Until recently, when first responders (from paramedics, police and firefighters through to child protection agency officers) made a compensation claim in relation to Post-Traumatic Stress Disorder (PTSD), they were required to prove their injury was a direct result of their occupation before they could receive any compensation. However, on 20 May, that changed and the Queensland Parliament amended the Workers Compensation & Rehabilitation Act 2003 (the Act) so that, from that day forward, first responders suffering from PTSD have a quicker and easier pathway to access treatment and compensation under the workers compensation scheme.
We think that is some pretty good news.
First responders play an integral part in protecting and serving the community and the legislation was reviewed to make it quicker and easier for them (and other eligible employees) to make a workers compensation claim for PTSD. This change was supported by the increasing awareness that exposure to acute and cumulative trauma exposure impacts mental health and wellbeing.
The Act has been amended to include presumptive workers compensation laws for first responders and "eligible employees" diagnosed with PTSD. This means that first responders, like police, paramedics and firefighters will no longer have to prove their PTSD injury was work-related. Instead, it will be presumed that the nature of their duties was the cause of their injury. As such, a person diagnosed by a Psychiatrist as having PTSD, who was at any time before the diagnosis employed as a first responder or an eligible employee, will now be entitled to immediate support, treatment and compensation under the Act.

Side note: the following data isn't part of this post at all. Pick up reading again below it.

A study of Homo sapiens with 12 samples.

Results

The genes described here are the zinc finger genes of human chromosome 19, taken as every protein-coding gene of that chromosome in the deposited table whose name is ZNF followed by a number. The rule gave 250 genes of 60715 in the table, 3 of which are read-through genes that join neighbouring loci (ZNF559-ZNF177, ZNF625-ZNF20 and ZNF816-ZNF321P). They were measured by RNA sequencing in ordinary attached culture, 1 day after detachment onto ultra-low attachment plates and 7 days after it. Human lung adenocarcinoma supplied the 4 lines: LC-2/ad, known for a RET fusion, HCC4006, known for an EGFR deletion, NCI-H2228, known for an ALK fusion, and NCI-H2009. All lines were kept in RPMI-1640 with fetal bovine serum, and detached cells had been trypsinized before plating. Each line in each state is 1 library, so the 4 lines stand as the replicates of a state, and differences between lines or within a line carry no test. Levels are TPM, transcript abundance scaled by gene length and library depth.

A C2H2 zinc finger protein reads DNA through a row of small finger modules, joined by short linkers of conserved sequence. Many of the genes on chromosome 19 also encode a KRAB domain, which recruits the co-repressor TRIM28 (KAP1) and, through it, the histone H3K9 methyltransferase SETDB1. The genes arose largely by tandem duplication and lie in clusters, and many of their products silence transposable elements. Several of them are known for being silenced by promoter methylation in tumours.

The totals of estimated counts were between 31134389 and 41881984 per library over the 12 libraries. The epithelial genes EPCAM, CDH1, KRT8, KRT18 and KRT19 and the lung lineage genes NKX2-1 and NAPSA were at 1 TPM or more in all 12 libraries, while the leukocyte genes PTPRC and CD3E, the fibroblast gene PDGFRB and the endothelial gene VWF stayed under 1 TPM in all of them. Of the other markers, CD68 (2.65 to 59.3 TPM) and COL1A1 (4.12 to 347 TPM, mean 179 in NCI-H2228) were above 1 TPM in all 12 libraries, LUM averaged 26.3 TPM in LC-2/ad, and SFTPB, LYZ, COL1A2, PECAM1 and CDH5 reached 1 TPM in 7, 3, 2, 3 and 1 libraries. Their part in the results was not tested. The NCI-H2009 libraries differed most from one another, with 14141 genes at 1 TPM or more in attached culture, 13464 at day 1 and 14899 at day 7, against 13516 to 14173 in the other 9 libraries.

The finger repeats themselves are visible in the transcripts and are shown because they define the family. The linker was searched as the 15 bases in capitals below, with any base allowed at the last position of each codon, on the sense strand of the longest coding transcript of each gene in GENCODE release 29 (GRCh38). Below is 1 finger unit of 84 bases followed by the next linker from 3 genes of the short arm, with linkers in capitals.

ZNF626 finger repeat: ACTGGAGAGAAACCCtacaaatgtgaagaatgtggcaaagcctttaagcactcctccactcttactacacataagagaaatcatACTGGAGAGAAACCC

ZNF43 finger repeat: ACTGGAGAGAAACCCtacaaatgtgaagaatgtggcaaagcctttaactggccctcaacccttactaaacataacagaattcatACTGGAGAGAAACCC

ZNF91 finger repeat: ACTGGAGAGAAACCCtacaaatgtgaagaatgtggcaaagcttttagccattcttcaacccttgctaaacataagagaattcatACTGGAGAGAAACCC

A first responder is a person who, as part of their employment, is required to respond to incidents that are life threatening or otherwise traumatic and in which time may be critical to prevent actual or potential death or injury to persons, or to prevent or minimise damage to property or the environment.
A first responder is generally employed in one of the following fields:
An eligible employee is a person who:
Yes, a first responder (or eligible employee) can make an application for compensation without a diagnosis of PTSD. The workers compensation insurer will be required to arrange an examination by a Psychiatrist and pay for any travel costs incurred by the Claimant in attending the appointment.
Yes, the presumption can be rebutted or overturned if it can be proven that the significant contributing factor for the worker's PTSD did not arise out of, or in the course of, the person’s employment as a first responder or an eligible employee.
Yes, the normal process applies to claims for compensation for mental injury which is not diagnosed as PTSD.
This is a significant development in workers compensation law, which also impacts people working in many of the most vital roles in society. It goes without saying that this is a very positive change and we are pleased to see compensation and assistance expedited for these noble individuals. If you would like more information on this topic or to understand whether this applies to your workforce (or yourself or someone you know), please contact Cameron Seymour.
Article written by Cameron Seymour (Partner) and Natalie Carmichael (Associate).